Flooding is a mechanism used by Ethernet switches to forward unicast frames to their destination host when the switch doesn’t know which of its several ports that particular destination is on. Ethernet’s original design assumed that all of the members of the Ethernet broadcast domain were continuously electrically connected, and so any frame sent by one member would be seen by every other member, whether or not the receiving members were “interested” in that frame (that is, it was addressed to them or sent to the broadcast frame address of all-ones). This made sense when the shared-bus topology of a tapped coaxial cable was being used. But the introduction of star hubs (StarLAN for the win!) and twisted-pair connections over Category 3 (and later Category 5 and 6) cable made it practical for hub devices to become switches, forwarding frames that arrive on one port to only the single other port where the destination of that frame is known to be. This increases the total available bandwidth of the network and prevents one conversation between two hosts from consuming the entire bandwidth of the network. If the switch can’t tell which of its ports a given frame needs to go (because it hasn’t learned the port that has the device with that MAC address), it floods the frame to every port (except, of course, the one it came in on), in the hopes that the desired target is out there somewhere.
Multicast frames can be selectively forwarded as well if the switch has the appropriate intelligence to learn which of its ports participate in a given IGMP multicast group; otherwise, they’re also flooded. Broadcast frames are, of course, always flooded.
In networking broadcasting refers to transmitting a packet that will be received by every device on the network. Read carefully it means the device generates and transmits a frame which will be received by each device (in it’s broadcast domain).
Now i hope you know basics about a switch. A switch floods a frame if it cannot find the destination address in it’s MAC lookup table. So flooding here is sending the frame to all the devices connected to ports because the exact port for the destination address is not known.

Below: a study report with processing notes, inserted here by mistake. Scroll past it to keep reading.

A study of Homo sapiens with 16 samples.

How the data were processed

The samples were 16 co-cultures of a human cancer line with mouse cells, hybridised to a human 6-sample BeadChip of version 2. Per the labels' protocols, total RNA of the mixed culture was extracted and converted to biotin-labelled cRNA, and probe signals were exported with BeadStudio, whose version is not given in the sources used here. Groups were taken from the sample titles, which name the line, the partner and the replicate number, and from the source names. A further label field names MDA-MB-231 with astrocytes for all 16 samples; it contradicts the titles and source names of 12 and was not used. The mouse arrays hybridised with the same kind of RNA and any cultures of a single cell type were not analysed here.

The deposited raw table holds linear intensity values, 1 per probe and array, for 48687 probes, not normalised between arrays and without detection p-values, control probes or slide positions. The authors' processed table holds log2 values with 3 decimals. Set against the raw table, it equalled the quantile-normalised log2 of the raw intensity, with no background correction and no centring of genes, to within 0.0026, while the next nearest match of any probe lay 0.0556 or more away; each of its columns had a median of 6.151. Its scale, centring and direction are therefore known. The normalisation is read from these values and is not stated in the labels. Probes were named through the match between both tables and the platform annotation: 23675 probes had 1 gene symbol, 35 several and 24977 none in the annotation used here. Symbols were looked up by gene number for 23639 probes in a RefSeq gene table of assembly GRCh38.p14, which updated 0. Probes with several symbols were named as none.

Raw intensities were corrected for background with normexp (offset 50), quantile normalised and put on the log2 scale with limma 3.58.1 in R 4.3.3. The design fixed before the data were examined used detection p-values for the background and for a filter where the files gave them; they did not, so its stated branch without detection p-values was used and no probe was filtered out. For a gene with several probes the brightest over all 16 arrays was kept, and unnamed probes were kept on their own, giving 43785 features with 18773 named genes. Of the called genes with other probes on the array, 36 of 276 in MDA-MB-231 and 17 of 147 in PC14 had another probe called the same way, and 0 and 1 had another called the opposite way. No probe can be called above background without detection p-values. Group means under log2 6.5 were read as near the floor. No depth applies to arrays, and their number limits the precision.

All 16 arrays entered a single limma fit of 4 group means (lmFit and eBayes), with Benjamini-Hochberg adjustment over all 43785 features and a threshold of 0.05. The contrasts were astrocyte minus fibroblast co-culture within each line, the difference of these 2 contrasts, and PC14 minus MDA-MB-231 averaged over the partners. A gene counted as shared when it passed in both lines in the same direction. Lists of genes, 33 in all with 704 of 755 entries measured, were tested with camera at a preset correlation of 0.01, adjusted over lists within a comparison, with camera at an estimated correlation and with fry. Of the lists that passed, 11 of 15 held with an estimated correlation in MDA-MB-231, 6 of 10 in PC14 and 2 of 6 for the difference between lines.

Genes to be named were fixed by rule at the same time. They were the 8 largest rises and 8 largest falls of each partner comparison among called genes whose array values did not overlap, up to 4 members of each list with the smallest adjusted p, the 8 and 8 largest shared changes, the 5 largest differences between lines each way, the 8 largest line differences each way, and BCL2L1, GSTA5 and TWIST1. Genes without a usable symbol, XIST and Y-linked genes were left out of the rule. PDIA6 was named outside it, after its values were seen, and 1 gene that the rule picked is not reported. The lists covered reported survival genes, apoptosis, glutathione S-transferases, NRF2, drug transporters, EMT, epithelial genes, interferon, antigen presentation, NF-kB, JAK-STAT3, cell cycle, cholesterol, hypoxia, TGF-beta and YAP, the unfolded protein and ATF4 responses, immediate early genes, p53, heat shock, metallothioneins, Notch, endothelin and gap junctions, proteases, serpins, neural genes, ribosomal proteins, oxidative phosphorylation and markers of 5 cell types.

Now understand it like this suppose the device at port no. 4 wanted to converse with device with MAC 00 34 d4 fs 45 a7 (assume anything that is not already in the table) so when it will forward the frame to the switch the switch will look in the MAC table and will forward it to every device connected on its ports (there would be many devices it has not acknowledged the port no. of). The device may or may not exist in broadcast domain of switch (who knows). Flooding occured here as it sent the frame to all.
Now lets come to broadcast. The device at port 4 sends a broadcast message (see carefully the device 4 is broadcasting ) that is transmits a message which is supposed to be recieved by all the devices that is it mentions the destination address as ff-ff-ff-ff-ff-ff . Now the switch receives the packet. It will now check if this destination address has some mapping (with some port) in it’s lookup table. And it doesn’t have. So now it will Flood all it’s ports where devices are connected.
The thing that you need to understand here is the switch floods because it could not find that address in it’s lookup and not because it was asked to send to all.
See “Let me send it to all because it’s a broadcast message and so should be sent to all” and “Let me send it to all because this MAC is not in my table” aren’t exactly same things. They do have the same impacts though. So for switch both the MAC addresses ff-ff-ff-ff-ff-ff and 00 34 d4 fs 45 a7 mean the same (because both of them don’t exist in it’s MAC table). So for switch the broadcast frame is a subset of so many frames that would lead it to flood it’s ports (means all the frames possible whose destination MAC it doesn’t have in it’s table).
The switch itself can’t generate a broadcast message (the way device 4 did) it can just flood if it receives some broadcast frame.
Also do understand that in cybersecurity you use flooding to point out the malicious behaviour while broadcast for the opposite. I wrote the answer considering it to be computer networking question and not of cybersecurity or hacking.